TRANSLATION AND COMMENTARY ON JOHN’S GOSPEL
The chief priests and the Pharisees then convened a council and said: ” What are we doing? For this man is performing many miraculous signs. If we allow him to do so, everyone will place their trust in him and the Romans will come and take away our Temple and our nation.”
But one of them Caiaphas, who was High Priest that year, said to them, “You’re completely ignorant not to understand that it’s to your advantage that one man should die for the people, rather than that the whole nation should perish.”
He did not say this as his own opinion, but as High Priest for that year he prophesied that Jesus would die for the nation; and not for the nation only but also to gather into one the scattered children of God. So from that day on they planned together to kill him. For that reason Jesus no longer walked openly amongst the Judeans, but went away to the region near the desert, to a town called Ephraim, where he remained with the disciples.
Now the Passover of the Judeans was near, and many went up to Jerusalem from the region before the Passover to purify themselves. They were looking out for Jesus and saying to each other as they stood in the Temple, “What do you think? That he won’t come to the Festival?”
Now the chief priests and the Pharisees had given instructions that if anyone knew where he was, he should report it, so that they could arrest him.
It is typical of this author that the story of Lazarus, which is a symbolic drama characterising the whole life of Jesus, is followed by this narrative in a realistic historical mode. It outlines the dilemma of the religious authorities as understood in light of the disastrous Jewish uprising of 70CE, which resulted in the destruction of the Temple and the dispersal of the people. It’s possible that this chimed with the tradition John inherited through his community of believers, but it is impossible to be sure. Certainly this is a different view from the other gospels which interpret the religious authorities’ enmity to Jesus as a savage protection of their own position.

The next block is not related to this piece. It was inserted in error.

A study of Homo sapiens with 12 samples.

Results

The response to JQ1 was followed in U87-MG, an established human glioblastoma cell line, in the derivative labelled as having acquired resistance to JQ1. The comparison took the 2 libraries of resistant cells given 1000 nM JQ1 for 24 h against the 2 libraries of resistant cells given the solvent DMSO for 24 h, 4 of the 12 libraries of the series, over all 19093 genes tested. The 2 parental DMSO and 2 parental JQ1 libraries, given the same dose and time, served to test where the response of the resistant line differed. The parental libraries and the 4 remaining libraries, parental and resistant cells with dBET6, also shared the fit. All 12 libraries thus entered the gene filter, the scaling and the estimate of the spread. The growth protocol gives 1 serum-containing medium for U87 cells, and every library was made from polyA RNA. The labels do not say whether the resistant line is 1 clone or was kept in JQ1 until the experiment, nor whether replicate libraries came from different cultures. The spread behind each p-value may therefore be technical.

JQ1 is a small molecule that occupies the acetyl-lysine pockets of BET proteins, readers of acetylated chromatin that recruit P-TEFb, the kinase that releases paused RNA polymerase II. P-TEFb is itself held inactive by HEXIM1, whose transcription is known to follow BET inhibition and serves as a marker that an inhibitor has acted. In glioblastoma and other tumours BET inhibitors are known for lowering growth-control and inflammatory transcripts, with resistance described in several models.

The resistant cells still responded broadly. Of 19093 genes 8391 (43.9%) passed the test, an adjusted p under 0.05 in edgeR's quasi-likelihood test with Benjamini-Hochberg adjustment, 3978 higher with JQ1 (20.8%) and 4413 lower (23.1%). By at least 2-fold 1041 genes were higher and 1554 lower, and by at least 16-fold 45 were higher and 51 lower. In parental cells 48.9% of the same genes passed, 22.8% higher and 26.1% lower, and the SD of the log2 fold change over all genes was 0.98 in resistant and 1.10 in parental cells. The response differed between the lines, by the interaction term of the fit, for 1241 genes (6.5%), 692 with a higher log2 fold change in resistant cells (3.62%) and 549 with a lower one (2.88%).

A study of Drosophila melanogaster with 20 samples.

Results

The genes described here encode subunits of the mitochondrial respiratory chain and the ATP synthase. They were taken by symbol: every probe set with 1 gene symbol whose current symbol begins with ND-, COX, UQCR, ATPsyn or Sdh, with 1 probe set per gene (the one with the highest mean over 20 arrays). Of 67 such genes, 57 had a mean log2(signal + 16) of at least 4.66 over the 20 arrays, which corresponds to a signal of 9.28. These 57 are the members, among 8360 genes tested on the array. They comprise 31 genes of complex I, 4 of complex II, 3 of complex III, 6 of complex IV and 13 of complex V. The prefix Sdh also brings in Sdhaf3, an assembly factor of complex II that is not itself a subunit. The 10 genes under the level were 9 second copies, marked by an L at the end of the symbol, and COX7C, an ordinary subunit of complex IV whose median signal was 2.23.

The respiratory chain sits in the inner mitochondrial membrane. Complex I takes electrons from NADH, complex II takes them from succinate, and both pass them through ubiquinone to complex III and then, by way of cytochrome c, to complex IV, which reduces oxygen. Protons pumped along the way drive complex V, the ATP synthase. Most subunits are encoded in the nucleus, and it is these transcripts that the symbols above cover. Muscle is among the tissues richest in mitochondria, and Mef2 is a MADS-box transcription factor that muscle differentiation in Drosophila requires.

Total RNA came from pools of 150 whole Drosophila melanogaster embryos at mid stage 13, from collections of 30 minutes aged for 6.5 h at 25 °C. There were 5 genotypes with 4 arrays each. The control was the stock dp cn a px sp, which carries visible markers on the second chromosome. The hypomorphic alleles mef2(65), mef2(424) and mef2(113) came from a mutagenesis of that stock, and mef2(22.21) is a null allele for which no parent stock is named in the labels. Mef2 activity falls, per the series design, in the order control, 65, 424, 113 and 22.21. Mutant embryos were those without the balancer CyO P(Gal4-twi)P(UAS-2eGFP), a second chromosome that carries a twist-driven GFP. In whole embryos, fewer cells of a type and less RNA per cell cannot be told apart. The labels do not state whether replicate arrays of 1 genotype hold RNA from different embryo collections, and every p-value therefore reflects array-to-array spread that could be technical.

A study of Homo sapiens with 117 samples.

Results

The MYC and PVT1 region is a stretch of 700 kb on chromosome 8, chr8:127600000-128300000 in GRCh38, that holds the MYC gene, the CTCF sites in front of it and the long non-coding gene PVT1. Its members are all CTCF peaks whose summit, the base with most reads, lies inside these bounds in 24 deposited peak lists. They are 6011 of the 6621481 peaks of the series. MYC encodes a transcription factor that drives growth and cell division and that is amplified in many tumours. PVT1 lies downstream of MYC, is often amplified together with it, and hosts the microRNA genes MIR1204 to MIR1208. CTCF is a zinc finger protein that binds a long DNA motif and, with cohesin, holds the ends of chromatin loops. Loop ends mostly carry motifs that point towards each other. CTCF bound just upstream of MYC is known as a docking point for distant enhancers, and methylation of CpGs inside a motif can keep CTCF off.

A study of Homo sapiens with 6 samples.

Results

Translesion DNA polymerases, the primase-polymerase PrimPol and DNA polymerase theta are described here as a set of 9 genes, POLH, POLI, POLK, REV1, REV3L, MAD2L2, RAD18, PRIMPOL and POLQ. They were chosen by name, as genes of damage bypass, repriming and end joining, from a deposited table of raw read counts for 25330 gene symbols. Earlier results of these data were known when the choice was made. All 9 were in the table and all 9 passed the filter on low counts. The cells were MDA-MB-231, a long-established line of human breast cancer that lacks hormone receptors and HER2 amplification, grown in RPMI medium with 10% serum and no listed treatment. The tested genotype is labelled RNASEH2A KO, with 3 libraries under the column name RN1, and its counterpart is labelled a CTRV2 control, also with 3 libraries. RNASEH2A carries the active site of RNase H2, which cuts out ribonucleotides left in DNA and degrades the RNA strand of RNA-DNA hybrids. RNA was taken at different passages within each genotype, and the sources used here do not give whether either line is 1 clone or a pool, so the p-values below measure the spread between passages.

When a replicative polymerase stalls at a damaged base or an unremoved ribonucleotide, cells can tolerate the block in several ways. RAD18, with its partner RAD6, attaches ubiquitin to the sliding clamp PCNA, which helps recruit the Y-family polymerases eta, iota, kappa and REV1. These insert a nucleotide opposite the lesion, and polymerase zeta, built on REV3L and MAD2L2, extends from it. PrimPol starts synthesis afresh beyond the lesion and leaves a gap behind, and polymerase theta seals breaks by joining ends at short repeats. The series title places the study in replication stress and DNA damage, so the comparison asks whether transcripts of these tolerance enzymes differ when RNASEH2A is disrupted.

It is clear from the whole gospel tradition that Jesus experienced opposition from both the reform party of his faith, The Pharisees, and the traditionalist party, the chief priests. None of the gospels is discriminating about these groups, often simply lumping them together, as John’s does. We can understand this perspective as the gospels were written after the destruction of the Temple and during a developing enmity between Jews who accepted Jesus as Messiah and the orthodox synagogues.
For this reason, we need to look critically at what the gospels say about the events that led to Jesus’ judicial murder by the Romans. This gospel focuses on Jesus’ claim to be the Messiah of his people, which is certainly at one with the inscription on the Roman execution stake, “Jesus of Nazareth, the King of the Jews.”
Caiaphas’ cynical utterance is therefore seen (invented?) by this writer as an profound ironic prophecy of the true meaning of Jesus’ death, that it is for the sake of the people and “of the scattered children of God”, which may be a phrase originally meaning the Jewish diaspora, but adapted here to mean those of all races gathered in the assemblies of Jesus. This hint about the Gentile church is picked up in chapter 12 from verse 6: Jesus’ death at the hands of the Judeans and Romans is what draws people of all races to him.
The details of Jesus and his disciples hiding in Ephraim, the expectations of the pilgrims and the official orders issued by the authorities are also in a realistic mode, and may come from a source used by this author. He is particularly concerned to link Jesus’ death to the Passover festival, not only because of the symbolic connection between the Passover lambs and the Lamb of God, but also because he sees the death of Jesus as the beginning of a new exodus in which God’s people break out of Judean slavery into a multiracial freedom.